United Nations agencies must join forces at the policy level and refuse interference from tobacco companies in their programmes so the destructive impact of tobacco can be effectively addressed and lives can be saved, the head of the UN tobacco control treaty watchdog (WHO FCTC Secretariat) told UN News on Wednesday.
The WHO FCTC – World Health Organization Framework Convention on Tobacco Control, which is celebrating 15th adoption anniversary this year – is a global health treaty that advocates for the control of tobacco production, sale and use, as a way to reduce tobacco-related illnesses, deaths, environmental degradation and poverty across the world.
According to a report by WHO and the UN Development Programme (UNDP), it is estimated that up to one billion people could die from tobacco-related diseases this century. Currently, over seven million people die every year due to tobacco use.
In addition, tobacco costs the global economy over a trillion dollars annually in medical expenses and lost productivity. As for the environmental impacts –deforestation and soil degradation for tobacco cultures, as well as water and soil pollution from cigarette littering – they cannot be overstated.
“In 15 years, we have made a lot of progress, with tobacco-control measures in place in most of the world’s countries for example,” said Dr. Vera Luiza da Costa e Silva, the Head of the WHO FCTC Secretariat. “But we are still facing a great deal of interference from the tobacco companies in government decision-making and even inside our own house, within UN agencies,” she regretted.
Article 5.3 of the Conventionrequires that parties to the treaty ensure that their public health policies are protected “from commercial and other vested interests of the tobacco industry”. The article is based on the idea that there is a fundamental and irreconcilable conflict between the tobacco industry’s interests and public health interests.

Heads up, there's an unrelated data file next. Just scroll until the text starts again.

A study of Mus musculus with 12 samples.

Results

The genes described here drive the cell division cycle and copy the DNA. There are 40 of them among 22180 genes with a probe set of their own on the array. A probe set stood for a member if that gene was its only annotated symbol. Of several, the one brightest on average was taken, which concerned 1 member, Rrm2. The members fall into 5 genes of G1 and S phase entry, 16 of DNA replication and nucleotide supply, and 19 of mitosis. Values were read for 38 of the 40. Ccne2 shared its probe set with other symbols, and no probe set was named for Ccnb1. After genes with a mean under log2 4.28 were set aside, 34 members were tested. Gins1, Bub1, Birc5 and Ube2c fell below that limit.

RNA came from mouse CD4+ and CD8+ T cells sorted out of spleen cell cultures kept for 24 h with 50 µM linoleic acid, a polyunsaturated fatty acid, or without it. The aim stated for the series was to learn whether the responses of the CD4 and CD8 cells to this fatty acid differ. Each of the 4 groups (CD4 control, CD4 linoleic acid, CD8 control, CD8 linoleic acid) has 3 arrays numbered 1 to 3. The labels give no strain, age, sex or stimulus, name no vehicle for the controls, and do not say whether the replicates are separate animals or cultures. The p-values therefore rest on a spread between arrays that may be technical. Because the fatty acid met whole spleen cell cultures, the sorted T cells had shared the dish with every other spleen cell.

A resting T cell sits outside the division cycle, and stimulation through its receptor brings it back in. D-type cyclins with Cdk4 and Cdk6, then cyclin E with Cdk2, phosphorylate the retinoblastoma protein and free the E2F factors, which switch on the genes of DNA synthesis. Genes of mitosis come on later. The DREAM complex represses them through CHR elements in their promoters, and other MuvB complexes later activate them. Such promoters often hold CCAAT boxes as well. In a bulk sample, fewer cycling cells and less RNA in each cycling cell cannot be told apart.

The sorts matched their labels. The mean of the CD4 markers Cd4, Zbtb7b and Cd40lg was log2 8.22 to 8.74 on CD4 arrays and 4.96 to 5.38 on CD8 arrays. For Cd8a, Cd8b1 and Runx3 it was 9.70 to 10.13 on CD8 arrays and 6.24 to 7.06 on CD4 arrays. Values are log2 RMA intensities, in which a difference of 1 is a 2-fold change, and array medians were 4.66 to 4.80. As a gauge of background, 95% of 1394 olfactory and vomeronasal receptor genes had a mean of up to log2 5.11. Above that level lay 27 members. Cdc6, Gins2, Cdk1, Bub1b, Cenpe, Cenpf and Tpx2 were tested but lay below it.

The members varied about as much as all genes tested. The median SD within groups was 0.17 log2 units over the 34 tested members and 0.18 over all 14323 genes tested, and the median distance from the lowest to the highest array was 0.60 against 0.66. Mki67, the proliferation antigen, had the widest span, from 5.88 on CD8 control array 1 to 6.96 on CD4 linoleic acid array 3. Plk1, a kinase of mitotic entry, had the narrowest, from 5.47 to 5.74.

As early as 2008, guidelines were developed for the effective implementation of Article 5.3 but the industry’s efforts remained successful too often.
“They are wolves masquerading as sheep,” said Dr. da Costa e Silva, referring to poverty-reduction programmes and other development projects that tobacco industry giants are funding, in partnership with several international inter-governmental organisations.
“The tide is turning however and, more and more, there is a reckoning that the mission of governments and UN agencies, and the interests of the tobacco industry are simply not compatible,” she noted.
Over the past two years, the European Union’s multi-billion-dollar deal with tobacco firms ended, and the UN Global Compact (UNGC) – an initiative to engage companies “to align strategies and operations with universal principles on human rights, labour, environment and anti-corruption” – decided to exclude from its partners companies that “derive revenue from the production and/or manufacturing of tobacco.”
Another recent milestone was the adoption in 2017 of a resolution by the Economic and Social Council (ECOSOC) under the auspices of the UN Inter-Agency Task Force (UNIATF) on the Prevention and Control of Non-Communicable Diseases (NCDs), a group of UN and other inter-governmental entities created four years ago to help governments tackle NCDsworldwide.
The text encourages members of the Task Force to prevent tobacco industry interference, recalling the WHO FCTC model policy, which states that the UN must ensure a “consistent and effective separation between its activities and those of the tobacco industry, to preserve its integrity and reputation” and that “engagement with the tobacco industry is contrary to the United Nations system’s objectives, fundamental principles and values”. Similar language was adopted again in 2018.
“The ECOSOC resolutions show major progress towards the UN-as-a-whole recognising that tobacco companies represent a public health problem and that, inherently, they cannot be part of the solution,” the head of the FCTC Secretariat said. “But the issue persists and some UN agencies seem to remain unable to secure alternative sources of funding for their development programmes,” she regretted.
According to the WHO FCTC Secretariat, to date, only the UN Development Programme (UNDP), the World Bank, WHO, the UNCG and the UN Children’s Fund (UNICEF) have policies in place to prevent interference from the industry. The International Labour Organization (ILO) is also currently reconsidering its terms of cooperation with these companies, especially from a child labour perspective, as the industry relies heavily on it for its production processes.
“We are working to get more entities, especially UN agencies, to take the necessary steps to align their policies on tobacco industry interference with the overall principles of the United Nations,” said Dr. da Costa e Silva.
“It’s very simple,” she concluded. “The war against the devastating effects of tobacco can only be won if the UN stands united and remains coherent with its own values”.
In a month, a High-Level Meeting on NCDs will take place as part of the 73rd session of the UN General Assembly in New York, to discuss trends and progress made on reducing risk factors for NCDs, including tobacco-related illnesses, and to recommend steps forward.